You’ve just returned from a trip to the beach. You ask yourself: Why should I continue to pay rental fees when I could own a vacation home and rent it out? Unless you’re fairly wealthy, you’ll need to make sure you can commit to buying a seasonal home before you start shopping around. Here are five indications that you’re ready to take the plunge:
1. You can afford one
Can you afford to own a vacation home? If the answer to that question is yes, that’s probably the most obvious sign that buying a seasonal home is something you should consider. You never want to buy a home that will leave you drowning in debt.
Remember, the purchase price is only part of the cost of owning a vacation home. You’ll have to pay utility bills, maintenance fees and insurance premiums. And depending on where your home is located, you could also be responsible for paying homeowners association fees.
To decide whether you have enough money in the bank for a vacation home, ask yourself the following questions:
- Do you have emergency savings (at least three to six months’ worth of take-home pay)?
- Can you make a 20 percent down payment?
- If you have kids, have you already put aside enough money for a college fund?
- Can you still put away enough money for retirement?
- Have you paid off your existing home?
- Have you calculated the potential return on your investment?
- Does it fit in with your long-term investment strategy and financial goals?
- Everyone’s situation is different. If you can answer yes to most of these questions, there’s a good chance that there’s room in your budget for a vacation home.
2. You’ve done your research
If you’ve done your homework, that’s another good sign that you’re prepared to purchase a vacation home. When you’re visiting an area that might become the location of your future home, there’s nothing wrong with enjoying yourself; however, doing your research and taking the time to understand what the surrounding area has to offer is important. You’ll also want to make sure you visit during different parts of the year. That way, you can get a feel for what it’s like to live there during different seasons.
Think about the short- and long-term implications of buying a seasonal home, especially if you plan to spend plenty of time there. When you retire, for example, the amenities included in a vacation home may take a backseat. Having access to a hospital and activities that improve your overall health and well-being may be critical.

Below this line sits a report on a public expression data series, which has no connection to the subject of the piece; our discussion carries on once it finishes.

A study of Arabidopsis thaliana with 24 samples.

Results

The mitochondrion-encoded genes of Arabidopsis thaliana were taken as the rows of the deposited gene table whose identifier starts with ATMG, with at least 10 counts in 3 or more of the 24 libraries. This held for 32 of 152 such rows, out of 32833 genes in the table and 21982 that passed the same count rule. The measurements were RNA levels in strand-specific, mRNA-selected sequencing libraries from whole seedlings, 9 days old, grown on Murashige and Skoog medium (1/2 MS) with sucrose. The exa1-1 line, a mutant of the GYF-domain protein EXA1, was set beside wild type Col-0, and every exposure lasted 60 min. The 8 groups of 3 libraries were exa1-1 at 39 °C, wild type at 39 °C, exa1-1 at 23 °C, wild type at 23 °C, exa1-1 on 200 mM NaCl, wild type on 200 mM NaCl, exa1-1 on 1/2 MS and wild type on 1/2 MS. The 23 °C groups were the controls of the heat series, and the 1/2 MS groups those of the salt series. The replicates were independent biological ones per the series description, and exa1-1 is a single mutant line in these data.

3. You know what’s happening in the market
If you can keep up with what’s going on in the housing market, buying a vacation home might make sense. If you analyze changes in sales prices, you’ll be able to time your home purchase carefully, and you’ll be able to make the most appropriate decision based on seasonal demand, which drives home prices.
In 2016, new, single-family home sales reached their highest level in a decade, although there was a decline in home-buying activity among vacation homebuyers, according to a survey from the National Association of REALTORS® (NAR). A rising demand for housing and a shrinking supply of options has pushed up prices, making it more difficult for many people to purchase a vacation home. In 2016, the median vacation-home sales price was $200,000, up from $192,000 the previous year.
4. You have a plan
Buying a seasonal home could be worth considering if you know how you’re going to use it. Maybe you view the home as an investment property that can serve as an additional source of income. Maybe you’ve decided that you’re going to find guests online through a website like Airbnb or Vacation Rental by Owner (VRBO).
Keep in mind that if you intend to rent out a vacation home, you’ll need to think about advertising and logistics. You’ll need photos of your rental property and a detailed description of its amenities. You’ll also need a rental agreement and a plan for how you’re going to accept payments. Will you use a service like Venmo or PayPal, or ask guests to mail you a check?
You’ll probably need to hire someone to clean your home and check for signs of damage and theft before new guests arrive. Hiring a property management company might make your life easier, but agencies often charge between 25 and 50 percent of your rental income.
5. You’re prepared to pay taxes
Rental income must be included on both state and federal tax returns. If you are renting out your vacation home or even a portion of your vacation home (e.g., a bedroom), you might be considered an innkeeper. That means you might be expected to collect the same lodging taxes that hotels collect and make payments to your county, city and/or state. In Fort Lauderdale, Fla., for example, among tourists who pay for lodging, a 12 percent tax is due.
For many people, the decision to purchase a vacation home is serious. If you decide to take that leap of faith and you already have homeowners insurance, make sure you find out whether your current policy will cover the second home. Also, if you intend to rent out the property, consider purchasing rent loss insurance. It covers the loss of rental income following natural disasters and catastrophic incidents.